A device used to safely guide warships through mine fields could be used to reduce the number of dolphins and small whales caught in fishing nets.
The football-sized “acoustic cat’s eyes” reflect sonar signals.
They have been designed to mark underwater locations such as channels that have been cleared of explosives.
But the developers believe a smaller version could be fitted to fishing nets to reduce the estimated 300,000 creatures caught in nets every year.
“Most of the time they swim into the net because they can’t see it on their own sonar,” explained Carl Tiltman of the Defence Science and Technology Laboratory (DSTL) which is behind the innovation.
Devices strung along the net will reflect cetaceans’ (whales, dolphins and porpoises) own sonar, alerting them to the presence of a net.
“It will know something is there and will not just swim straight into it,” said Mr Tiltman.
There have so far been no trials of the device for preventing by-catch but DSTL plan to do so in the future. “That’s where we will go,” said Mr Tiltman.
Conservationists believe that they could be of use but say that other means of reducing by-catch such as moving fisheries also need to be considered.
The spherical devices consist of a glass-reinforced plastic shell with a core of silicon gel. When acoustic energy hits them it splits.
“Some of it goes through the shell and some of it goes through the central core,” Mr Tiltman told BBC News.
The acoustic waves – travelling at different speeds – propagate through the passive device and meet at the back – exactly 180 degrees from where they entered.
“The trick is to make sure that the speed of sound in the two materials is correct so it hits the point at the same time.”
At this point the waves undergo “constructive interference” – creating a more intense signal than the individual waves. This is then reflected back from the device towards the ship or dolphin.
Around 80% of the received energy is beamed back.
The beacons were designed to replace older devices that consisted of metal discs filled with chlorofluorocarbons (CFCs) and were aimed primarily at the military.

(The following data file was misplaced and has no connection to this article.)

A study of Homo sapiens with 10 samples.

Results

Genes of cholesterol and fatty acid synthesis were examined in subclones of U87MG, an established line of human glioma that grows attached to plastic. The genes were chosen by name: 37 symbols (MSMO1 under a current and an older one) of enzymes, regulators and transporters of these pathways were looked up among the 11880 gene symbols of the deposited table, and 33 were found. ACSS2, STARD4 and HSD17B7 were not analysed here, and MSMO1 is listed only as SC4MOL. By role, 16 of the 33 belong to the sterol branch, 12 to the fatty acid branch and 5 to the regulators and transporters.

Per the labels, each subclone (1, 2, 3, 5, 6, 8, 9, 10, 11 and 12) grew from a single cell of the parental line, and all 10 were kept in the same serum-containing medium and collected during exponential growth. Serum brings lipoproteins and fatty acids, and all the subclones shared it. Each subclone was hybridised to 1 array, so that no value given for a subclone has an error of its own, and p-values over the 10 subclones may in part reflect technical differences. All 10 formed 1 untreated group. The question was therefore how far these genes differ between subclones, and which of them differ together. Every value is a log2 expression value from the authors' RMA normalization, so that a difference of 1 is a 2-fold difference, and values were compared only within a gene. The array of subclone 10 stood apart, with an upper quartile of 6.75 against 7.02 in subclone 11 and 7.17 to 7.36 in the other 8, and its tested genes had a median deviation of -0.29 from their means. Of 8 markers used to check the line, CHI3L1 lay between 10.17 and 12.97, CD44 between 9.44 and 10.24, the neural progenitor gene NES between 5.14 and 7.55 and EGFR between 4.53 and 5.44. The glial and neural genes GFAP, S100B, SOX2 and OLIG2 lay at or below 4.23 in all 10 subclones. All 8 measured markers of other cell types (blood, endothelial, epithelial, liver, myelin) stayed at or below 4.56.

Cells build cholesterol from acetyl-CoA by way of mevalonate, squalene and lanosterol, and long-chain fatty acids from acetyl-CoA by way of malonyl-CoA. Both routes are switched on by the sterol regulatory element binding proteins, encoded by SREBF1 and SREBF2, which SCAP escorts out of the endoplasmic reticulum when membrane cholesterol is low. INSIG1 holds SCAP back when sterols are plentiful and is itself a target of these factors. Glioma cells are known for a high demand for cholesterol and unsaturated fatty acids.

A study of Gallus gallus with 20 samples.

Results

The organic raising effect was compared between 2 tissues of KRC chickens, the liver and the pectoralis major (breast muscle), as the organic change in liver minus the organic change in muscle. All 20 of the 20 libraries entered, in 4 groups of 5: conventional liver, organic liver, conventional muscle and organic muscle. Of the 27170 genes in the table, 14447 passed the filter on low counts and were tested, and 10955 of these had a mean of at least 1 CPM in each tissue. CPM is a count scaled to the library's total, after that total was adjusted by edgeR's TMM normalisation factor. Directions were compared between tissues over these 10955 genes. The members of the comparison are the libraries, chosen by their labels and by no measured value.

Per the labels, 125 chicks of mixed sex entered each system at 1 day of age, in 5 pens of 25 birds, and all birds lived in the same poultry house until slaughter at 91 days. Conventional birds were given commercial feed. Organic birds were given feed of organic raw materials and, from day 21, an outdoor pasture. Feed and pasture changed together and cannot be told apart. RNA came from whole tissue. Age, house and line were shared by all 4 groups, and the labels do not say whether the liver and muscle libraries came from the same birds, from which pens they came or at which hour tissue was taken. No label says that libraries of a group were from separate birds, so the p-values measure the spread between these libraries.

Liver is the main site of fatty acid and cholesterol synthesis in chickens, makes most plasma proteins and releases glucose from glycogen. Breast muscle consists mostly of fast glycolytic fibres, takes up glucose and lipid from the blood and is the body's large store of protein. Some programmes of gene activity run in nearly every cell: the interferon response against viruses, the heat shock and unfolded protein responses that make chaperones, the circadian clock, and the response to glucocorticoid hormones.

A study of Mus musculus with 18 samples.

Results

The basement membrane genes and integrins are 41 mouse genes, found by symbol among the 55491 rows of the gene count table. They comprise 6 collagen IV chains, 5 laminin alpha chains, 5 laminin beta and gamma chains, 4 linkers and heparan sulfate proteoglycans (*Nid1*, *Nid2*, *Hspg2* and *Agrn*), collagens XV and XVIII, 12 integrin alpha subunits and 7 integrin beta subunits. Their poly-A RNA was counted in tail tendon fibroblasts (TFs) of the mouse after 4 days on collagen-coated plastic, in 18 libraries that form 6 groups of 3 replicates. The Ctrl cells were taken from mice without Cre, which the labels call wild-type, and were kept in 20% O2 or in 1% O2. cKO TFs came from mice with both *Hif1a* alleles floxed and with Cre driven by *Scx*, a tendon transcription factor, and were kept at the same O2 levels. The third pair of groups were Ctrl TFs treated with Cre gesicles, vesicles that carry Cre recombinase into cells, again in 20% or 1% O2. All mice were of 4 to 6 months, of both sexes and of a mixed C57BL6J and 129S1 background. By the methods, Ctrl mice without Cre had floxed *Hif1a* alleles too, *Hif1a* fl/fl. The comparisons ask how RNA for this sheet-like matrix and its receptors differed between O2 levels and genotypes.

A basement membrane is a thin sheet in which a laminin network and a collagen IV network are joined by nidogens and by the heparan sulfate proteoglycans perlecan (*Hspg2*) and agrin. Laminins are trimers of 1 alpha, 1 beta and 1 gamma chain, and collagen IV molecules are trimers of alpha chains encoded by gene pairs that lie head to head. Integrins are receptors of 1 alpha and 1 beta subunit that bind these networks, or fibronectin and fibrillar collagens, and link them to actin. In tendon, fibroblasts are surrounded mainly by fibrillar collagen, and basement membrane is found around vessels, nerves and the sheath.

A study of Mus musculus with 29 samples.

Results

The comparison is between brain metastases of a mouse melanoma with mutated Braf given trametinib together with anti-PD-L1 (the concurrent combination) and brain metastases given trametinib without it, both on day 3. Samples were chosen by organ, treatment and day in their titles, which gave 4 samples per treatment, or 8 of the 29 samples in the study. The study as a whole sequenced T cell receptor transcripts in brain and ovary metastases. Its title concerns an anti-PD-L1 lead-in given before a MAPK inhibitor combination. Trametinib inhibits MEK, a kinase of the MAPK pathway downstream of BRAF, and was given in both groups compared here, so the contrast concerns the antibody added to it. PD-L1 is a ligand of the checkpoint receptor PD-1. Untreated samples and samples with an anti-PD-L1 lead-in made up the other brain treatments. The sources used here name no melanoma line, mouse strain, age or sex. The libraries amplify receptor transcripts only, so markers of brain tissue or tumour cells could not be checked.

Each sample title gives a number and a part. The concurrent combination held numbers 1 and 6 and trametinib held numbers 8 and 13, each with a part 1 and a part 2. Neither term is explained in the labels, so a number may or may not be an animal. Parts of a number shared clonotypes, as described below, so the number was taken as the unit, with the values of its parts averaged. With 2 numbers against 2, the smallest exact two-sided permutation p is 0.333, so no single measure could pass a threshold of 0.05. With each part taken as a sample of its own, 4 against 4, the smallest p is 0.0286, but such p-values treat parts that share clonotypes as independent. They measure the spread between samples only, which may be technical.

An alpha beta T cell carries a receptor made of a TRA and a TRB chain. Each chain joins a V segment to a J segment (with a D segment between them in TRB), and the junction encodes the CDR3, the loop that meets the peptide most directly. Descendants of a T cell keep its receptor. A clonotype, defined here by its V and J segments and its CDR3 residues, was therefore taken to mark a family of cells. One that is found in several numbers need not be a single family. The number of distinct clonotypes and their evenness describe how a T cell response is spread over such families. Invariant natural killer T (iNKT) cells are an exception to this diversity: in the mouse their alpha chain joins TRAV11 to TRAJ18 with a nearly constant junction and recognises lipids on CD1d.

“When we go into places like the North Arabian Gulf and we find a mined area we need to mark it,” explained Mr Tiltman.
“If you can mark mines with a big response then ships that come through later can find them and deal with them efficiently.”
DSTL has set up a company called CESALT to find new uses for the technology and is in discussions with oil firms about marking undersea pipelines with the devices.
This is currently done with battery-powered boxes that continually pulse a signal back.
The same kind of device – known as a “pinger” – has also been tested to discourage cetaceans from approaching fishing nets.
“There is evidence that pingers work, at least with harbour porpoises,” Dr Mark Simmonds of the Whale and Dolphin Conservation Society (WDCS) told BBC News.
“There have been trials but they have never been deployed so far because of difficulties in deploying them.”
Keeping the boxes intact and the batteries working had been particular problems, he said.
Nets impregnated with barium sulphide have also been used to try to make them more visible, but have had limited success.
“There’s nothing to say a device similar to [this] – based on strongly reflecting back the animals’ own sonar – wouldn’t do something,” said Dr Simmonds.
However, he said, the device would not help prevent large whales becoming entangled in nets as the majority of species – with the exception of the sperm whale – do not use sonar.
It would also have to be very carefully tested and not seen as a quick fix, he added.